IRT tackles challenges head-on
IRT Group held its Annual General Meeting on Thursday, marking the end of the most challenging year in its 51-year history.
The not-for-profit retirement living and aged care provider grappled with catastrophic bushfires on the NSW South Coast, storms in Queensland and, by late February, a global pandemic.
IRT CEO Patrick Reid said the team rose to the challenge, with deeds of great courage, extraordinary stamina and an unbeatable team spirit.
IRT operates 31 retirement villages, 21 aged care centres and five home care regions in NSW, South East Queensland and the ACT. During 2019/2020 it provided accommodation and/or care to more than 9000 residents and customers, supported by 2800 employees and almost 600 volunteers.
“In the face of great adversity our employees and volunteers have shown incredible resilience as they continue to prioritise the safety and wellbeing of our residents and customers,” Mr Reid said.
“The bushfires in January threatened seven retirement villages and seven aged care centres and one site, IRT Dalmeny, had to be evacuated. Our frontline employees demonstrated tremendous bravery and selflessness to keep our residents and customers safe when many of their own homes and families were under threat.
“Through the COVID-19 pandemic all of us – from our Directors and Executive team to our frontline employees – have been united and intensely focused on doing everything within our power to keep our residents and customers safe.
“We’re pleased that, to date, we’ve had no outbreaks at any of our retirement villages or aged care centres and we’re determined not to let our guard down.”
The difficult operating environment led to a worse-than-expected financial result, with the organisation recording a $20 million underlying loss, mainly due to the costs of managing the bushfires and the pandemic.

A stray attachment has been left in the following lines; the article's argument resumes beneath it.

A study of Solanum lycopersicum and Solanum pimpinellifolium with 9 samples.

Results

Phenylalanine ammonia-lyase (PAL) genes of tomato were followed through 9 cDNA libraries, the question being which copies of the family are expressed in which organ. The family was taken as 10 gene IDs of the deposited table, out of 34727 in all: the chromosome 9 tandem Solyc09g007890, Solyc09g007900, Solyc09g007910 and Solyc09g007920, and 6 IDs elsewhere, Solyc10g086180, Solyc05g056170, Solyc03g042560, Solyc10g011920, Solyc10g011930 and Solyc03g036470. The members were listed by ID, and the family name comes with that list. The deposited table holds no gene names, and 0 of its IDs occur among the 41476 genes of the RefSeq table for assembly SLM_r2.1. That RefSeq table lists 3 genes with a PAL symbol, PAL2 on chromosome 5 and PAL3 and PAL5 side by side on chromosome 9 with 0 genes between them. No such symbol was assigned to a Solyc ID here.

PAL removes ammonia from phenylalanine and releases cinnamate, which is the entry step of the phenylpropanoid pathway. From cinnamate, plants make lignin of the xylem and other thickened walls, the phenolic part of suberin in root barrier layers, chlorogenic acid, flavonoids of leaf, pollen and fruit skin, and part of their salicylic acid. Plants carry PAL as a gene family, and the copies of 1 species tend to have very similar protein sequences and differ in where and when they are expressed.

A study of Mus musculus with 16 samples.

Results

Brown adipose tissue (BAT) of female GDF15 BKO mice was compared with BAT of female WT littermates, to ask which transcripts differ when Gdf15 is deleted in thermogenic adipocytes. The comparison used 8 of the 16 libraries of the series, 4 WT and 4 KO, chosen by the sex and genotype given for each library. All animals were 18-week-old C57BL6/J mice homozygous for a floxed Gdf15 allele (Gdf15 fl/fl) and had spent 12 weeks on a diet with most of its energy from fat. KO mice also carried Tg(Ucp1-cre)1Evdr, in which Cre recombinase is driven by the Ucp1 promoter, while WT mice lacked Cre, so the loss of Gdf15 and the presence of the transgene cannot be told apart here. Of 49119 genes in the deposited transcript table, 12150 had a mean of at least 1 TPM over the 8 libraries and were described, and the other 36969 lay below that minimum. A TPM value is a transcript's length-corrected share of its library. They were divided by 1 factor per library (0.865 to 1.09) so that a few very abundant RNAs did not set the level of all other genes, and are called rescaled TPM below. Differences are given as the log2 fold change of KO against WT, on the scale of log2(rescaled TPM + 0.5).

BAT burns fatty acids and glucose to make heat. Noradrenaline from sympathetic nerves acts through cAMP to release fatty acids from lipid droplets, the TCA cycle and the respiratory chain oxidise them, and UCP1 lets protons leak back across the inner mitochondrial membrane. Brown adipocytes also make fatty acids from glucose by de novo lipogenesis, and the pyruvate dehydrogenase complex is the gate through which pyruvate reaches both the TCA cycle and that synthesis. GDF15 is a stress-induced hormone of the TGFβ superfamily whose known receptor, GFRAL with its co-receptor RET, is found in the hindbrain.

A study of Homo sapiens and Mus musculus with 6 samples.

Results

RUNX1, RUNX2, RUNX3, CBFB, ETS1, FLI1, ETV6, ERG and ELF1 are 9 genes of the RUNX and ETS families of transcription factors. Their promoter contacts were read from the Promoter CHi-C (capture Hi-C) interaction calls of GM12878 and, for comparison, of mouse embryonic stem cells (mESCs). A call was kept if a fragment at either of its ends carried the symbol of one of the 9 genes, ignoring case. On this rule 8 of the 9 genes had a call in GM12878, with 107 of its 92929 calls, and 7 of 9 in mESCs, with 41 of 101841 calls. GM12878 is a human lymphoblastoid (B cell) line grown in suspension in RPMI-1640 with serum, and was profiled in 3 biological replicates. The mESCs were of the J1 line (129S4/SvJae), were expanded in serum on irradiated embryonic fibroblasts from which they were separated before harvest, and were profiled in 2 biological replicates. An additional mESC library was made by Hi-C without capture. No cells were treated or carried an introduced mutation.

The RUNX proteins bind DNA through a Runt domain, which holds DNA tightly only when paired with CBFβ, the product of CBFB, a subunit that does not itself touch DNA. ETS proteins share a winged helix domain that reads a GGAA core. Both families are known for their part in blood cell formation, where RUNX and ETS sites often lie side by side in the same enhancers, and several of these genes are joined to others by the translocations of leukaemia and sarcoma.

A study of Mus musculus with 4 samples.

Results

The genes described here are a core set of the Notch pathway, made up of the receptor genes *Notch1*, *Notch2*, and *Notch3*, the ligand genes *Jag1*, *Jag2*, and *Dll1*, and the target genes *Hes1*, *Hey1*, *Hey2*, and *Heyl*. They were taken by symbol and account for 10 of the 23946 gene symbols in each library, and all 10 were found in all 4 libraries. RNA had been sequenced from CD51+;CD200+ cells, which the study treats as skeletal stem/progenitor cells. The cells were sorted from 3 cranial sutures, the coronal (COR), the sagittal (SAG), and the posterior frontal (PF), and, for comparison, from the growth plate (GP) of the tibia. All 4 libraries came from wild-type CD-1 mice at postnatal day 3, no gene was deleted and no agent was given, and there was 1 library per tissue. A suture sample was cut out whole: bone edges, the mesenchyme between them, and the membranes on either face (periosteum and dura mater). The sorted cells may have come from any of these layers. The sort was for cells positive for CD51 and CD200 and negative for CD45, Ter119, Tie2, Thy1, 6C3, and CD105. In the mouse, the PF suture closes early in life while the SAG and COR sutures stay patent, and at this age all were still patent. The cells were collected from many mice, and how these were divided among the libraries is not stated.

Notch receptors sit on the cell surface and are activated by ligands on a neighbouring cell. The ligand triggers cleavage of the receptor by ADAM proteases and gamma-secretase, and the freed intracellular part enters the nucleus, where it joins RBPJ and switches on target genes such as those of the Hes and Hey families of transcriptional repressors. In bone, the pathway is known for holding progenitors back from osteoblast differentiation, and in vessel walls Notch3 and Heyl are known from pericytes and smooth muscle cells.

“In response, we have reduced our 2020/2021 capital expenditure by 50%, deferred major property development projects, and identified a range of other initiatives to make our organisation stronger and sustainable for the future,” Mr Reid said.
“Our organisation was founded in 1969 on the principle that older people deserve the best. That’s what we’ve worked hard to provide them with for more than 50 years and it continues to be our driving force.”
During the year IRT also:
- had a strong focus on bedding down the raft of changes required under the new regulatory regime introduced on 1 July 2019 as part of the Australian Government’s Single Aged Care Quality Framework
- completed Stage 1 of the Henry Brooks Estate at IRT Kanahooka retirement village, with the first residents moving in during September
- announced the development of Jasmine Grove, a new model for collaborative housing designed for women over 55 living on their own. Jasmine Grove will be incorporated in Stage 2 of Henry Brooks Estate
- secured two years of government funding for Booraja, a pilot project providing culturally appropriate home care services to South Coast Indigenous people.
More information is provided in the IRT Annual Report 2019/2020 available online at irt.org.au.
Media enquiries: Hannah Ellson 0429 361 627
IRT Group is one of Australia’s largest community-owned, not-for-profit providers of retirement living, residential aged care and home care. With 50 years’ experience and locations throughout NSW, the ACT and South East Queensland, we employ almost 2800 people and play a significant role in promoting seniors as dynamic, influential and valuable members of society.